Show Some Respect
One of the most important things to remember when your boss is younger than you is to show respect, says Robin Throckmorton, president of Strategic HR Inc. “While he or she may be younger, they wouldn’t be in this role if someone didn’t feel they had a lot to offer the role, even if you disagree.”
While it can be easy to think, “my kids are younger than you” or “before you were even born, we…” Throckmorton says if you show respect for your boss, you’ll get it in return.
Be Flexible and Cooperative
Keeping an open mind and staying flexible about how things get done at the office are important when there’s an age difference between you and your boss, says Paul Bernard of Paul Bernard and Associates. “For example, you may be used to a lot of face-to-face meeting time, but your boss may prefer to handle a lot of his communications via text or instant messenger,” he says.
“Don’t balk at this — you’ll come across as stubborn and old-fashioned. Instead, try to align yourself as best you can with your boss’s management style. You might find that there are some real advantages to doing things differently.”
Bernard then recommends trying to figure out how you can complement your boss’ strengths. “Your boss may be a mobile content maven but might need help navigating office politics or be able to use some historical context about your company and how things are typically done. If you can find a way to make your younger boss more successful, you’ll help not only him/her but yourself as well.”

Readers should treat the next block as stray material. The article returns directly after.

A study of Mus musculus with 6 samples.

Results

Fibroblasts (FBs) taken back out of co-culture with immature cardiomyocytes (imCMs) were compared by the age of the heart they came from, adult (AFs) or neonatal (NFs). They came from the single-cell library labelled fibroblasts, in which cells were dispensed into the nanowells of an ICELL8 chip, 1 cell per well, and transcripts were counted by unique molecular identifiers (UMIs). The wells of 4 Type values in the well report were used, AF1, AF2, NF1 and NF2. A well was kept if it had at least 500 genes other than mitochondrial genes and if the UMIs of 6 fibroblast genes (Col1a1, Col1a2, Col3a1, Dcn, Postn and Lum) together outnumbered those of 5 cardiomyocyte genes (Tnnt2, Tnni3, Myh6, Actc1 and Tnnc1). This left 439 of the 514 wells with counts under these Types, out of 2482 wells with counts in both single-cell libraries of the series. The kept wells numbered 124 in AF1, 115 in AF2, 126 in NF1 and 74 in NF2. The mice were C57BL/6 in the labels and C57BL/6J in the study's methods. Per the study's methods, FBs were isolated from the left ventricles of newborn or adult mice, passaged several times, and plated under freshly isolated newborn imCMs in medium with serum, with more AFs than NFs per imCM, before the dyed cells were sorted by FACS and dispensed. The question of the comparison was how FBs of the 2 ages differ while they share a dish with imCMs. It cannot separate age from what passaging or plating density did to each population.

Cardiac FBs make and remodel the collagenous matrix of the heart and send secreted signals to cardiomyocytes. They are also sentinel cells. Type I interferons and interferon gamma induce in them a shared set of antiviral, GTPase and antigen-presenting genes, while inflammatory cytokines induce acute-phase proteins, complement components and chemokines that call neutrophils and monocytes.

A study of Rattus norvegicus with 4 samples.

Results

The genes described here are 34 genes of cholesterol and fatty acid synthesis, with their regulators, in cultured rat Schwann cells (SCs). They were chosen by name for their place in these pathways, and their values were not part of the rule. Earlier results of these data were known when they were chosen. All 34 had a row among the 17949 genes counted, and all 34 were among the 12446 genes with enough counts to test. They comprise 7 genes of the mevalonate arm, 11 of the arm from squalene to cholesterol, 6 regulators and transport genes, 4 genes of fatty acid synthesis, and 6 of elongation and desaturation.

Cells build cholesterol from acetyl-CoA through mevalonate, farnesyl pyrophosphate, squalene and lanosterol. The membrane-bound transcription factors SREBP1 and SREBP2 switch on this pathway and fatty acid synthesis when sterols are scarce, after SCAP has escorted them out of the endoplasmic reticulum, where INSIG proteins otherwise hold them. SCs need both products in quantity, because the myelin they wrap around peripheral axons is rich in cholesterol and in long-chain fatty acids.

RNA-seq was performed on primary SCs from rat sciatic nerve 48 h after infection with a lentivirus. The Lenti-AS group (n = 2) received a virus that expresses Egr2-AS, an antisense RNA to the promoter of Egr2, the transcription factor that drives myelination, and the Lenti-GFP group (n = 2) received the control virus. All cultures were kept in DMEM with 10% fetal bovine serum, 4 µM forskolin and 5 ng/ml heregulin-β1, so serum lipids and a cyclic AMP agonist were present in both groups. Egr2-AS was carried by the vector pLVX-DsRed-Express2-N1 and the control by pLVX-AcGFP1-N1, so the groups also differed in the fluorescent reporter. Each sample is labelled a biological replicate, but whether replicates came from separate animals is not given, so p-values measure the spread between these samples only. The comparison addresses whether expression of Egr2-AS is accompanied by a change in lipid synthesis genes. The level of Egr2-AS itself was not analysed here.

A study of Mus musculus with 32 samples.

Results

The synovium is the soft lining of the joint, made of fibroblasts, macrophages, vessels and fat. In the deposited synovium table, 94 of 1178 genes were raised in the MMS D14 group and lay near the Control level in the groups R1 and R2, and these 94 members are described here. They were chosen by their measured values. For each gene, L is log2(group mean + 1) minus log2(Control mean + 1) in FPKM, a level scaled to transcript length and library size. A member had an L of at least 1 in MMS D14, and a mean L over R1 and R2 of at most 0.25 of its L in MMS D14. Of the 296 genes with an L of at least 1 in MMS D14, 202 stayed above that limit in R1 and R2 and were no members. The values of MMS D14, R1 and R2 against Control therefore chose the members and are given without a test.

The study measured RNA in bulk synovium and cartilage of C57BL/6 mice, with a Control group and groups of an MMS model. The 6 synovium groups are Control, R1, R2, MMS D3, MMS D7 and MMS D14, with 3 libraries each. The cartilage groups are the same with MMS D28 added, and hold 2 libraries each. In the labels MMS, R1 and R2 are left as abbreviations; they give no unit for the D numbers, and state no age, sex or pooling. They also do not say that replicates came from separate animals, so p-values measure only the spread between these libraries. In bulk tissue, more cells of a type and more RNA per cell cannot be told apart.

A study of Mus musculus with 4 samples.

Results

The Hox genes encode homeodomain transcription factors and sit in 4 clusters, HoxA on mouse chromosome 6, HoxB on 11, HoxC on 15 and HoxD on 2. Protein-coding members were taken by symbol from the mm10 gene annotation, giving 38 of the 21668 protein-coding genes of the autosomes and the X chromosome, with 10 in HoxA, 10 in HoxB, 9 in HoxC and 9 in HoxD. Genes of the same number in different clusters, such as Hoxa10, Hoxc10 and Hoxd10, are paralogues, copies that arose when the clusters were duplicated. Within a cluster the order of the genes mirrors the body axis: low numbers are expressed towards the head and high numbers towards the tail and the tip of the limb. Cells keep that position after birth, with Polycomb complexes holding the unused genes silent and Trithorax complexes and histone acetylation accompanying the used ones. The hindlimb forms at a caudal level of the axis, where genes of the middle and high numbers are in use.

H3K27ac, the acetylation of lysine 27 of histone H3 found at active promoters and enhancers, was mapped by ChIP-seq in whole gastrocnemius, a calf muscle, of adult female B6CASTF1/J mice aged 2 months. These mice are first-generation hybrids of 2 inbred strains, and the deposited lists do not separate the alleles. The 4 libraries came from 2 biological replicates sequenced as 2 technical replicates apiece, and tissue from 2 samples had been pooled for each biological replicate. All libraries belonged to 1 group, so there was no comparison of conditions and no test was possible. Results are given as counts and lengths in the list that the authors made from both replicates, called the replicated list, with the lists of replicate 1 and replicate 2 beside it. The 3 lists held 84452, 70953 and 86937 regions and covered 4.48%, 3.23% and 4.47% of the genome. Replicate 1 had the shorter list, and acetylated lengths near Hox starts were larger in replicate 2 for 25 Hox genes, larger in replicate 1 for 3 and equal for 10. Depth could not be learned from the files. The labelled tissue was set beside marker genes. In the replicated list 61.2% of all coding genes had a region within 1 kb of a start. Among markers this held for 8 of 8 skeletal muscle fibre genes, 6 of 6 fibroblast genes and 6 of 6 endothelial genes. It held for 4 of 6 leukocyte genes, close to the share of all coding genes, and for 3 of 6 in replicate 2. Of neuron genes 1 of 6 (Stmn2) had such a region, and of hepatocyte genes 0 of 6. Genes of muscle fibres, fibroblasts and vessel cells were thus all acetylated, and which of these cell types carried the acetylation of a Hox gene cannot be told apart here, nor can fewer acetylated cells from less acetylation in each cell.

Remember Age Is Just a Number
An age difference can be a distraction, so try not to focus on it, says Kelly Hadous of Win The Room. “Don’t pay attention to your boss’s age! Age doesn’t matter as long as your boss provides good leadership and strong guidance, and brings passion and motivation into the company and the team. Ride along with your boss; if you share the same willingness to grow the company and move the team forward, everything will just be fine, and age won’t matter.
No matter how old your boss is, it’s important to ensure you’re on the same page, and that requires clear communication. “Early on set a time to speak with your younger boss regarding expectations, style, and role clarity,” says Scott Span of Tolero Solutions. “Ask their preferred way of communication and delivery of requirements. Boomers and Millennials need to continue to dialogue, build trust, to put stereotypes to rest to maximize performance.”
Focus on the Organization
You and your boss are a team, and you’re working to help build your department, division or company. “Keep focused on the vision of the company or division for which you’re working, and praise alignment,” says business coach Wayne Pernell. “You get more of what you focus on and being focused on a bigger picture can interrupt the internal monologue stemming from generational differences.”
It can be hard to avoid holding forth with the wisdom you’ve accumulated over the years, but you should try. “Refrain from behaviors that drive younger generations crazy,” says Tammy Hughes, CEO of Claire Raines Associates and international speaker and consultant on generational issues. “Avoid comparing your manager to your son or daughter. Don’t act like a know-it-all. Nip cynicism and sarcasm in the bud.”